Congressional Democrats want to change Social Security to address problems faced by older single women, who are disproportionately impoverished in retirement.
Under a proposal from Washington Sen. Patty Murray released Tuesday, unmarried, divorced and widowed Americans would get bigger Social Security checks, while those who were previously married would be able to access a percentage of their ex-spouses’ benefits. (Under current law, those married for less than a decade are ineligible for their spouses’ benefits.)
“Over the past several decades, the workforce has changed, families have changed, and our economy has changed, but in some important ways, Social Security hasn’t kept up,” Murray told TIME.
The increases in Social Security checks in the bill, called the Raise Act, would be paid for with a 2% payroll tax on income above $400,000.
The bill isn’t likely to make it far in the Republican-controlled Senate, much less the GOP-led House of Representatives, but coming from a senior Democratic figure, it helps define that party’s talking points as the 2016 presidential campaign gets underway and lawmakers grapple with how to deal with changing demographics.
Read More: Inside the Next Social Security Crisis
One major issue is that when Social Security first became law, in 1935, most women married and worked as caretakers and homemakers, and relied on their husbands’ pensions and Social Security checks in retirement. As marriage rates have declined and divorce rates increased among certain groups, and private pensions have gone the way of the Model T, roughly three in ten women now find themselves relying entirely on their own Social Security checks—accrued from their own time in the workforce—during retirement.
Since women tend to work lower-paid jobs without employer-backed retirement funds, and to spend more time hopping in and out of the workforce to take care of children and ailing parents, they usually contribute less to their Social Security. As a result, almost 11% of women 65 and older live below the poverty rate; for African American and Hispanic women, the poverty rates are almost double that. Murray’s bill would therefore disproportionately benefit women at the bottom of the income ladder.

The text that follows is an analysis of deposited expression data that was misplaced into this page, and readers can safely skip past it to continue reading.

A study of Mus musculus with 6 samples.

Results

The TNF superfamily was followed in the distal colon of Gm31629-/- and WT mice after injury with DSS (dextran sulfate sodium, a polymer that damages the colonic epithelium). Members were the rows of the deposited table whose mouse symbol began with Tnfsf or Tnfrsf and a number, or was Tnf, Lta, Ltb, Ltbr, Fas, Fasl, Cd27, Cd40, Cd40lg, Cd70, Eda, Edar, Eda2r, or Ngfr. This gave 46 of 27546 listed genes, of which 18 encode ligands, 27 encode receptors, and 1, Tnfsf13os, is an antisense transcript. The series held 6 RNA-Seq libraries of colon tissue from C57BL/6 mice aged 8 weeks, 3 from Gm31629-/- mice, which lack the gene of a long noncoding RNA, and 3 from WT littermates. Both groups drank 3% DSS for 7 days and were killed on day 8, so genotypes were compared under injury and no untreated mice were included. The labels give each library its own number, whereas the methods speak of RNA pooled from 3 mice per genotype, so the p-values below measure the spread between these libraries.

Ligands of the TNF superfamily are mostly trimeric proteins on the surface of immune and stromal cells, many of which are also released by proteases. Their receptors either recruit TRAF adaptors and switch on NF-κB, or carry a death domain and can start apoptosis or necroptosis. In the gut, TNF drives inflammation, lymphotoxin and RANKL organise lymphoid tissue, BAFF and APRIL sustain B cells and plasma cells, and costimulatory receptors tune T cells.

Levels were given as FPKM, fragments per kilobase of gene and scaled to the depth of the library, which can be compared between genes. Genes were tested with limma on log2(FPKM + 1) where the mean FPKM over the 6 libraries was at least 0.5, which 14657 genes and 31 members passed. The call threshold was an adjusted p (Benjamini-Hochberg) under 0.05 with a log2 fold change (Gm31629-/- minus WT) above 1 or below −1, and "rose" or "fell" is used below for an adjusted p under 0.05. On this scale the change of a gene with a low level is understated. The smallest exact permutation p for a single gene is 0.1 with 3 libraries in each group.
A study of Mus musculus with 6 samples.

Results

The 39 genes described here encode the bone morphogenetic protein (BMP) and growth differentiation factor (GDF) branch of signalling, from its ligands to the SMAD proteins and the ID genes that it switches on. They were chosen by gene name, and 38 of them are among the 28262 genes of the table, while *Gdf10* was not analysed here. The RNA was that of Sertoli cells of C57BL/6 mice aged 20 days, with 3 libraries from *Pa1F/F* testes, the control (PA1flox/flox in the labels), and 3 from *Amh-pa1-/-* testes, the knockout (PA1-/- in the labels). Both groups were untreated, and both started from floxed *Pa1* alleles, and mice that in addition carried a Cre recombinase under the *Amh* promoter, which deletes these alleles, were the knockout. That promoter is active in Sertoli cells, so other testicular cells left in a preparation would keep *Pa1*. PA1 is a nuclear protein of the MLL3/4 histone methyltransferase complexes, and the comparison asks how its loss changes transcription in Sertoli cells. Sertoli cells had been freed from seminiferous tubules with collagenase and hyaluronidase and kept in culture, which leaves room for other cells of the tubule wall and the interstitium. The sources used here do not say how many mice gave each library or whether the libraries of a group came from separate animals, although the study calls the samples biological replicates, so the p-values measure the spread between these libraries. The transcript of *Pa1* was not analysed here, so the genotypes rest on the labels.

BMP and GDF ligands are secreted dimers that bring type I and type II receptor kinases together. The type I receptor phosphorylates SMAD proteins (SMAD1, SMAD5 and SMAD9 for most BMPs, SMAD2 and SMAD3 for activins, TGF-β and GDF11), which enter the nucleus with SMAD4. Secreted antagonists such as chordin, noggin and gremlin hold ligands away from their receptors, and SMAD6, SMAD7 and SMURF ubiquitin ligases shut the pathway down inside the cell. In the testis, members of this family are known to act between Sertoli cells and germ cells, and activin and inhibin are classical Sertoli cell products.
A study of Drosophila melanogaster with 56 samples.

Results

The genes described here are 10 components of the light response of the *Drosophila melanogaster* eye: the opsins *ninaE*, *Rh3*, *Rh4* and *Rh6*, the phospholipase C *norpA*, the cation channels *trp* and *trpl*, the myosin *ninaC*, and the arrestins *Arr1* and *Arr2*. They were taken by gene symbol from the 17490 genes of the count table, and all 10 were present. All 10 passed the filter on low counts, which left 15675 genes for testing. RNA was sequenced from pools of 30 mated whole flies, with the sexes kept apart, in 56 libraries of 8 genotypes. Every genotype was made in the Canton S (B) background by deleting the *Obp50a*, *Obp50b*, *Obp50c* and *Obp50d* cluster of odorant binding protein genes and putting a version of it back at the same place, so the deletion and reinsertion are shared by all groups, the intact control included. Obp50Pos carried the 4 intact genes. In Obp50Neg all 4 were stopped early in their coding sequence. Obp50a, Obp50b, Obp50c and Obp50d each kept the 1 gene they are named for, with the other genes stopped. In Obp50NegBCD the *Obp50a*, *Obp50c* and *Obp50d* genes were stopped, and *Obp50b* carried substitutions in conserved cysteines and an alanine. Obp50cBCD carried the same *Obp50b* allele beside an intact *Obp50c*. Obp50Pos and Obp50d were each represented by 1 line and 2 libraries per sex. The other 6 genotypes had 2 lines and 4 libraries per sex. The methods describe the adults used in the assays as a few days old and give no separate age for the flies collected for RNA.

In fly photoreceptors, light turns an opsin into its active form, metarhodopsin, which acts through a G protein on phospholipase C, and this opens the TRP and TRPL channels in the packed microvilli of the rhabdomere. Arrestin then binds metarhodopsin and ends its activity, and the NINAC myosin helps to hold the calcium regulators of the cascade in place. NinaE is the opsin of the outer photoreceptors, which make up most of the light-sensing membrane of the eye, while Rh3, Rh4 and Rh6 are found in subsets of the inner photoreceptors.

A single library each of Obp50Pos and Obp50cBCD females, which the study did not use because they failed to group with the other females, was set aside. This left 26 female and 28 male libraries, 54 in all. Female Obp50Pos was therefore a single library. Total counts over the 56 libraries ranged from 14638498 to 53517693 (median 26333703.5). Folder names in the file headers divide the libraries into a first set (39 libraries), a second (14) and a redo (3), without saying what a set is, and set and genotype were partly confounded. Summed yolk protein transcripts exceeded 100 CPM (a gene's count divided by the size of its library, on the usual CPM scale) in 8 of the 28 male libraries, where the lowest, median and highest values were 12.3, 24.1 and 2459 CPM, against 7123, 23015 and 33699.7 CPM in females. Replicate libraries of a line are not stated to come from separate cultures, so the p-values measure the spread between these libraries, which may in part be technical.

At a Democratic presidential debate in October, frontrunner Hillary Clinton pointed specifically at this problem. “We have a lot of women on Social Security, particularly widowed and single women who didn’t make a lot of money during their careers,” Clinton said. “They are impoverished, and they need more help from the Social Security system.”
Maryland Gov. Martin O’Malley has also proposed sweeping reforms to the system, including creating a “caregiver credit” that would allow those who work full-time taking care of children, elderly parents, and other dependents to bank Social Security for that work. Earlier this year, Vermont Sen. Bernie Sanders introduced legislation that would increase the average recipient’s Social Security check by about $65 a month, by ratcheting up the amount that the top 1.5% of wage earners contributed to the fund.
Meanwhile, the Republican presidential candidates have largely focused largely on the program’s budget problems.
Given current budget projections, the Baby Boomer generation now easing into retirement may very well bankrupt the fund within the next two decades. Former Florida Gov. Jeb Bush, Florida Sen. Marco Rubio, Texas Sen. Ted Cruz, and New Jersey Gov. Chris Christie have all advanced plans to privatize Social Security, raise the retirement age and impose what’s known as means-testing, so that those with higher incomes in retirement would receive smaller payouts.
Last month, Republican frontrunner Donald Trump put forward a different idea. In an interview on CBS’ 60 Minutes last month, he was opposed to raising the retirement age or changing the existing system. Instead, he advocated for eliminating all foreign aid that is sent “to other countries that want to kill us” and using the money instead to increase Social Security.
For now, it’s unclear how this debate will end, or when. But the contours of the argument are becoming clear.